The recent directive by the Central Bank of Nigeria, banning the importation of maize, has been described as ill-timed, with potential negative consequences for Nigeria’s poultry sector. The apex bank had on July 13 restricted access for importation of maize through the official CBN forex window. It hinged its decision on the need ‘to increase local production, stimulate a rapid economic recovery, safeguard rural livelihoods and increase jobs which were lost as a result of the ongoing COVID-19 pandemic.’
However, Dr. Ikechukwu Kelikume, the Programme Director of the Lagos Business School Agribusiness programme, stated that the policy could further compound the woes of poultry farmers given that maize, which constitutes over 50 per cent of poultry feed content is currently very scarce, and where available, is very expensive, even as the price keeps rising.
On the consequences of the CBN directive, Kelikume said: “The situation spells doom for poultry farmers across the country who are beginning to cut down on production because of the high cost of feed and imported medication for the birds. A negative spillover effect of the high cost of feed is the scarcity of eggs and a consequent rise in its price across the country. The implications of the current challenges in the maize value chain are that the gains of employing more people in the agricultural sector will be rolled back in the coming months.”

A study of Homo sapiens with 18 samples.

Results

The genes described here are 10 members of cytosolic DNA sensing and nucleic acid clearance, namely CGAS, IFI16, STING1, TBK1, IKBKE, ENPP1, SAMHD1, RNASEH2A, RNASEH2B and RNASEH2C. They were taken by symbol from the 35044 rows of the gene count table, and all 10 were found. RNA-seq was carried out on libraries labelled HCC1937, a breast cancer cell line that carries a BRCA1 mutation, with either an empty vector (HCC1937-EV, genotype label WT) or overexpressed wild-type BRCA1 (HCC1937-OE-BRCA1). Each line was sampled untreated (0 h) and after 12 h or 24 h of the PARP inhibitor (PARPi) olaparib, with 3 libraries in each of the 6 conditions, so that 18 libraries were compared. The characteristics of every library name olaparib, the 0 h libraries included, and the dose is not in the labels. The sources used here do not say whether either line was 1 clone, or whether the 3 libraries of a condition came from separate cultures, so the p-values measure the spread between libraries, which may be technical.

The University Don stated that the apex bank’s decision to ban maize importation was too abrupt, urging the CBN to reverse the decision. “As a matter of necessity, the CBN’s decision to discontinue the processing of Form M for the importation of Maize/Corn must be revisited. It is expedient at this time for the Central Bank to allow importers of Maize to import it through the CBN Foreign exchange window, to close the gap in maize shortage while preparing for a phased discontinuation of maize importation in the country,” he said.
The poultry farmer’s have been giving the same reason for the past twenty years that there is no enough maize produced in the country. What a shame that with vast arable land and over 200 people we import rice, wheat, maize to feed our people. If we cannot grow enough maize to feed our chicken to produce eggs, let the prices of eggs skyrocket to force us produce produce maize locally.Nigeria cannot afford to remain underdeveloped because we spend our scarce foreign currencies thoughtlessly through importation of most items we can produce. We must use our scarce foreign currencies to import machinery to industrialize our economy and provide jobs for our youths instead of supporting flamboyant lifestyles of most industrialists who manipulate our foreign exchange system to make money at the expense of local production.